Ann. Oncol.
Incidence of second tumors after treatment with or without radiation for rectal cancer.   
The aim of this study was to analyze the association between radiation therapy (RT) for rectal cancer and the development of second tumors.
Patients and methods
Data on all surgically treated non-metastatic primary rectal cancer patients diagnosed between 1989 and 2007 were retrieved from the Netherlands population-based cancer registry. Fine and Gray's competing risk model was used for estimation of the cumulative incidence of second tumors. Multivariable analysis was conducted using Cox regression.
The cohort consisted of 29 027 patients of which 15 467 patients had undergone RT. Median follow-up was 7.7 years (range 0-27). Among all 4398 patients who were diagnosed with a second primary tumor, 1030 had one or more pelvic tumors. The standardized incidence risk for any second tumor was 1.16 (95% confidence interval [CI] 1.12-1.19), resulting in 27.7/10 000 excess cancer cases per year in patients treated for rectal cancer compared with the general population. RT reduced the cumulative incidence of second pelvic tumors compared with patients who did not receive RT (subhazard ratio [SHR] 0.77, CI 0.68-0.88). Second prostate tumors were less common in patients who received RT (SHR 0.54, CI 0.46-0.64), gynecological tumors were more frequently observed in patients who received RT (SHR 1.49, CI 1.11-2.00).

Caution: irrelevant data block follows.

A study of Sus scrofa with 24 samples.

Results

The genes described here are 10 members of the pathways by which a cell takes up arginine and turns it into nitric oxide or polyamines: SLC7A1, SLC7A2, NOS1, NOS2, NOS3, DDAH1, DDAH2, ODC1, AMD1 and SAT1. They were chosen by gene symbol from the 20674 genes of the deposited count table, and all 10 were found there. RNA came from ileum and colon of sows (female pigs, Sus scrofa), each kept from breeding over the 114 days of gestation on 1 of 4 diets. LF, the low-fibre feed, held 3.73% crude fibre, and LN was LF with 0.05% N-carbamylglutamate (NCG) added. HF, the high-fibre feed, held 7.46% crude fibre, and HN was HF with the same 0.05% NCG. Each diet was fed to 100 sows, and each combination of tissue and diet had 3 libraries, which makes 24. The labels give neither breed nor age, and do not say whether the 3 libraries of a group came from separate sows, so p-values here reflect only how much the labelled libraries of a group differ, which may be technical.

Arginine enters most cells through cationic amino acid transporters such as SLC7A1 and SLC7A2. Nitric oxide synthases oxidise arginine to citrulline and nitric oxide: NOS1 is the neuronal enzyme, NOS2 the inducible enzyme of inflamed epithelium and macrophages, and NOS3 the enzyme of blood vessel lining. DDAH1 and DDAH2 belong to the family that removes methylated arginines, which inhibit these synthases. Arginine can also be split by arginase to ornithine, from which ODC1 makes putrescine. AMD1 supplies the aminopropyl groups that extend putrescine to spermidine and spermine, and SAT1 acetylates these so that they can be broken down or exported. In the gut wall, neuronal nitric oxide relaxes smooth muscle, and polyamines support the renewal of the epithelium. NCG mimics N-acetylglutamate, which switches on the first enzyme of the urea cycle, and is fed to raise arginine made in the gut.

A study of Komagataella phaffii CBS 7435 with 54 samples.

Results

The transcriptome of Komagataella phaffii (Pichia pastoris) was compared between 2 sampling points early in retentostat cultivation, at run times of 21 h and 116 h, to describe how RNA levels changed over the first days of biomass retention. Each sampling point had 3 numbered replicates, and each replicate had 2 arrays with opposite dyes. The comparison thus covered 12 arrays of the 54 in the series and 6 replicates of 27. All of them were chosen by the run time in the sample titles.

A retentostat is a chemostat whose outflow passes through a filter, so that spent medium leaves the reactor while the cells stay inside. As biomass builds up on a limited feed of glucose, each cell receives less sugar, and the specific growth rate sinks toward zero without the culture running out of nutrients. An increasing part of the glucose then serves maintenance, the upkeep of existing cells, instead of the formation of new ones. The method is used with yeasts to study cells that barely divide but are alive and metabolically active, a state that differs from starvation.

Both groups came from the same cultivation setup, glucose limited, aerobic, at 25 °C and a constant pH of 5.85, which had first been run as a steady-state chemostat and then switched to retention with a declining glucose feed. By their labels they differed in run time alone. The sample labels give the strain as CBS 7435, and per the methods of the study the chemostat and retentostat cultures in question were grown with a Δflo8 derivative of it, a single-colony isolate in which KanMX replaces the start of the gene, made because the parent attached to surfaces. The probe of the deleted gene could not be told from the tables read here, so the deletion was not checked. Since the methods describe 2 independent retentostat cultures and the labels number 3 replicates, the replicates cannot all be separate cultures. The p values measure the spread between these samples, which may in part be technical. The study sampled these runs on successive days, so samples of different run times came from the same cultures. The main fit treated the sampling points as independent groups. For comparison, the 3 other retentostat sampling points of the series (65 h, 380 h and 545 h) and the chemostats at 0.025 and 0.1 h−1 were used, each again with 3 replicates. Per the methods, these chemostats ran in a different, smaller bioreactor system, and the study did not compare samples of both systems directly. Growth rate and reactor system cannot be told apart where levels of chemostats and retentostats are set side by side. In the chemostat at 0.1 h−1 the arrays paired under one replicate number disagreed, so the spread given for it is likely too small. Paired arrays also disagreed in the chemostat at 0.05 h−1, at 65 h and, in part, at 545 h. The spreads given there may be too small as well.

Patients with previous rectal cancer had a marginally increased risk of a second tumor compared with the general population. Gynecological tumors occurred more often in females who received RT, but this did not result in an overall increased risk for a second cancer. RT even seemed to have a protective effect on the development of other second pelvic tumors, pre-dominantly for prostate cancer. These findings are highly important and can contribute to improved patient counseling.